Your website stats are falling, or perhaps they’re simply not growing. I hear that cry for help. Where are you going wrong? Perhaps the problem doesn’t lie in website promotion or SEO. Instead, the problem could lie in the simple fact that no one wants to read what you have to say. Why not? Let’s explore six reasons why people might not to read your blog posts.
1. Your Content is Boring
People hate boring content. If you don’t have something interesting to say, no one is going to take the time to read it. Maybe your content is outdated (people have already calmed down about Miley’s VMA performance, so don’t bother writing about it). Perhaps your idea is too simple and people aren’t learning anything new from your article, or maybe you’ve made the opposite mistake and haven’t included enough information to make sense. Or maybe you just don’t have something good to say that people actually want to read about.
How can you fix this issue and eliminate boring content?
- Make sure you keep it at your audience’s level and provide them with new, valuable information.
- Don’t be afraid to add a bit of humor to your piece. Even if your subject is a boring one, a joke, a metaphor, or another literary technique can help spice up your post.
- Stop talking like a robot. Even a fascinating subject can transform into dull content if you’re presenting it in a boring way.
- Relate your content to something new. Create a metaphor or allegory to give the subject a whole new look.
2. You Formatted it Poorly
Even if you do make it past the boring content, no one is going to read your piece if you don’t consider visual appeal. For example, if you format your post in one big block of text without subheadings, bullet lists, or other breaks in the content, your visitors are going to take one look at it and say, “Yeah, no. That’s not happening,” and move onto another webpage.
To make your post easier to read, create breaks in the content by:
- Using short paragraphs
- Inserting pictures
- Using lists when necessary
- Highlighting important points with subheadings
3. You Didn’t Use a Catchy Title
Right after you come up with your blog post idea, you have to formulate a title. If your title isn’t catchy, then you’ve failed to capture your audience’s attention right off the bat. The first thing they see is your title, whether they’re viewing it from your home page, from a link on a social media website, or anywhere else on the Internet. If you can’t grip them with your title, then they’re not going to bother reading the rest of your content.
Here are just a few ways you can grip your readers:
- Let them know they’ll be learning something new, and make sure it’s something they want to learn about. How to Get Approved by Google Adsense
- Give them tips. People love tips. 9 Tips for Creating a Blog
- Use their curiosity to your advantage. Why Empowered Network is a Scam
- Ask a question that they’re likely asking themselves (and then answer it!). Can You Still Make Money With Fiverr?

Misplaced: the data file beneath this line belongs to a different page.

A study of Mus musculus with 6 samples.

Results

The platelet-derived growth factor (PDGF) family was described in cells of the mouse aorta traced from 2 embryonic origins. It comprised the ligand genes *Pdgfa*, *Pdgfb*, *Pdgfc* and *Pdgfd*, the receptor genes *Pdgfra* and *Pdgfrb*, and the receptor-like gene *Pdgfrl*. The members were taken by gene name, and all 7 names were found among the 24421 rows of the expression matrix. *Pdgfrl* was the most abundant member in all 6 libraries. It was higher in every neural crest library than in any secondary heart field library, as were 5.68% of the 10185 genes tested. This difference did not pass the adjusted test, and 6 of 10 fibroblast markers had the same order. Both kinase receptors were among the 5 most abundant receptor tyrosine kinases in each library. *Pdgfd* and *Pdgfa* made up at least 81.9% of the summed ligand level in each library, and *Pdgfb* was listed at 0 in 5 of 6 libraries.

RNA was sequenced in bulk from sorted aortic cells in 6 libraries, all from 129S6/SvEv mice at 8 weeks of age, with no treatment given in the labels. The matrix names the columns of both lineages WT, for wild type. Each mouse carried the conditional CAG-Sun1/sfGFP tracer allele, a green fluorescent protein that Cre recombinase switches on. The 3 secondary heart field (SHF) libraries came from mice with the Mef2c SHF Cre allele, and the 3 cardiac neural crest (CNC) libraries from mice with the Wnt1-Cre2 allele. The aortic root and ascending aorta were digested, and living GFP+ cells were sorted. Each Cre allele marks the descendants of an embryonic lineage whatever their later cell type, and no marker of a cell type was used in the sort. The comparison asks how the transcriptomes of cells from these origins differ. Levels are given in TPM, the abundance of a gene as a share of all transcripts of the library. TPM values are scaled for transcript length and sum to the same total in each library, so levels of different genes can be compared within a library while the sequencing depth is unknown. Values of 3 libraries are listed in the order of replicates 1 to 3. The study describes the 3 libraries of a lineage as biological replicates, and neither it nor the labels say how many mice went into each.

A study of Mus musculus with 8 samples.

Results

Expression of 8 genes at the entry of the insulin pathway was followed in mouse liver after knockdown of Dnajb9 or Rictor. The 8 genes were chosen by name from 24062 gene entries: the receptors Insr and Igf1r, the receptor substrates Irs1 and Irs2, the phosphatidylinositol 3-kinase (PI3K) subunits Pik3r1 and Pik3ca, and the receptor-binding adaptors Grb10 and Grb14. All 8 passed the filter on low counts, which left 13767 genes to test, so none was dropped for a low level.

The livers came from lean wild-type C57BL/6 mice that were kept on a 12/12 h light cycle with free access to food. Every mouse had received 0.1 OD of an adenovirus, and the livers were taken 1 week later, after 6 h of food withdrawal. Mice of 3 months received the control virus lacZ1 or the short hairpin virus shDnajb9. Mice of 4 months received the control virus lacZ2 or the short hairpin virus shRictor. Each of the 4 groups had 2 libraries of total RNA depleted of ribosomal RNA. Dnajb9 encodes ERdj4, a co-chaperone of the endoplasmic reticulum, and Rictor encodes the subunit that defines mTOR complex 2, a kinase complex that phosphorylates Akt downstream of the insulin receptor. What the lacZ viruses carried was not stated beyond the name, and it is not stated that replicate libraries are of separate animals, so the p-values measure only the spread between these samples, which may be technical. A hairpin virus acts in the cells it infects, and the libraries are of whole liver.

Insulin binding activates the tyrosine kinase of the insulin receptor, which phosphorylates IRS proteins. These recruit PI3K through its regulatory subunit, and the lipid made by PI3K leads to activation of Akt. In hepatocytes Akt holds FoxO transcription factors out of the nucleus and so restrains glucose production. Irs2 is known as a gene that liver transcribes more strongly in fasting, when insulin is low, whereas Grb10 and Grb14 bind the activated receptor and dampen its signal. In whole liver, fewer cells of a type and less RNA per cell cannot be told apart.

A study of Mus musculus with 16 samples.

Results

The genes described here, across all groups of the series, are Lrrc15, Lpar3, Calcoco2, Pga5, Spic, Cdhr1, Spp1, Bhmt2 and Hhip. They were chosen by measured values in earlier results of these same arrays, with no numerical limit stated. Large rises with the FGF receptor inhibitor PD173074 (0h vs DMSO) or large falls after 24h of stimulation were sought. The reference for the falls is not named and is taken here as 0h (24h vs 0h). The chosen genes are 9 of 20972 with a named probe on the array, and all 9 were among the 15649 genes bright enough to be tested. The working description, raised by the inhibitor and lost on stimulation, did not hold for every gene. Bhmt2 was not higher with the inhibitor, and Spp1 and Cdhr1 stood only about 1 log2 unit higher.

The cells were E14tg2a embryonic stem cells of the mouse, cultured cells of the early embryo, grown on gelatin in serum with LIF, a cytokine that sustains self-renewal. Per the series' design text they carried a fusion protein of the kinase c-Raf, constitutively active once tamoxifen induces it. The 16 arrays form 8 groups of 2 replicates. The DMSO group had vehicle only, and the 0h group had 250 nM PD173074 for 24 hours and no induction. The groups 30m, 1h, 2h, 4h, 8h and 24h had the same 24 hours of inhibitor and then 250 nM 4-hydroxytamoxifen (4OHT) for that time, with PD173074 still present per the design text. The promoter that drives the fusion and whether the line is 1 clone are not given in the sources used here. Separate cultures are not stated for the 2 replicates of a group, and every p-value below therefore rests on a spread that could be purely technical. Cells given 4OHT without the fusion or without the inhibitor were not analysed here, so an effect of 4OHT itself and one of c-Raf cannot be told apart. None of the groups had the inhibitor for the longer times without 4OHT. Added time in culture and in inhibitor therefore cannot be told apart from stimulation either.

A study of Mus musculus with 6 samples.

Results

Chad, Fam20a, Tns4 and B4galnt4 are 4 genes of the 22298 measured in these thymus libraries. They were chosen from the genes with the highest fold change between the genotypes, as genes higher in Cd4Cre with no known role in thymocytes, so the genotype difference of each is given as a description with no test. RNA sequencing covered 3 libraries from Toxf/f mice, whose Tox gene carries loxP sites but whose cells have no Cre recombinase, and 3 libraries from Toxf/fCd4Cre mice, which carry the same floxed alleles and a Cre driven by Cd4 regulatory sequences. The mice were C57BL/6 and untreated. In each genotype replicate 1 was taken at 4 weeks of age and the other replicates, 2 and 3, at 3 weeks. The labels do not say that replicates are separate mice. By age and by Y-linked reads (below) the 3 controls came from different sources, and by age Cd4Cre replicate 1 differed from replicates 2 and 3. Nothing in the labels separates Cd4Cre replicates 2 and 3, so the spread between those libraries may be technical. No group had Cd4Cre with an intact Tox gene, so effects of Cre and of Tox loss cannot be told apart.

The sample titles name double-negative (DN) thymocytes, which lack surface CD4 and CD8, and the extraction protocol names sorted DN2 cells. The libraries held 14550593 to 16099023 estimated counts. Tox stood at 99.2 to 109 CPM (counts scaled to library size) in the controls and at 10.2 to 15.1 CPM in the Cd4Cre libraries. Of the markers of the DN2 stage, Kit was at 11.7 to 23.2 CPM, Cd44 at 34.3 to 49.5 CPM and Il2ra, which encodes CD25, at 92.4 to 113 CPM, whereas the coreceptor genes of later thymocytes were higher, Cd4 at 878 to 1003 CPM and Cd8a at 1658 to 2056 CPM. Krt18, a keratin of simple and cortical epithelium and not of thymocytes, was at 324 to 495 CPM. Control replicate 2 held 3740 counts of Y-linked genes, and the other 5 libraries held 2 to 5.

- Call them out by using “you” in the title. With this technique, you’ve already helped them relate to your content. 7 Reasons Why You Aren’t Successful Yet
- Make a fun list, and let them know how many elements you’re including. 21 Things to Do on Day One of Your Blog
- Make your title time-sensitive by including the year, the season, or a current event. Top 5 Affiliate Networks 2013
4. People Can’t Relate
If you’re presenting a topic that your audience might not have a personal connection with, you’re going to have a tough time getting them to actually read the content. For example, if you’re a blogger in the writing/blogging niche, you might choose to write a post about the editing process. If your audience is mostly writers who don’t edit, they might feel like the article isn’t for them.
In just one example, you can relate the subject to something they enjoy, such as “How the Editing Process is Like Cooking.” If your audience is mainly stay-at-home moms who write on the side, it makes sense that they would relate to the subject of cooking.
5. You Didn’t Establish Credibility
People hate reading blog posts written by people who they don’t believe have any reasons to write about the subject. For example, if you’re writing about nutrition, people want to know that you have some background knowledge on the subject. Are you a registered dietician or at least going to school for a health-related degree?
How can you establish credibility?
- Show your experience and qualifications in your author bio section. If you’re a nutrition blogger, let people know in the author bio if you have a dietician or healthcare-related degree.
- Establish credibility within the article by subtly hinting at your qualifications. “When I was working on my dietician degree, one of my professors told me that…”
- List your qualifications on your social media profiles. Your Twitter bio might look something like this: Registered Dietician | Blogger | Bookworm
6. It Seems Too Spammy
People hate it when blogs look too spammy, and they’re not going to continue reading your posts if this is the impression you give.
What makes you look spammy?
- Too many ads on your sidebar
- Too many links within you content
- Blatant self-promotion
- Lack of a real author name (i.e. don’t publish your articles as “Admin”)
Now that you know why people don’t want to read your blog posts, you should have a good idea how to make them want to read your blog posts, so keep these ideas in mind when writing your next piece. Are there any other mistakes that I missed? Share in the comment section.
Check out Alvin’s guest post on Alicia’s blog.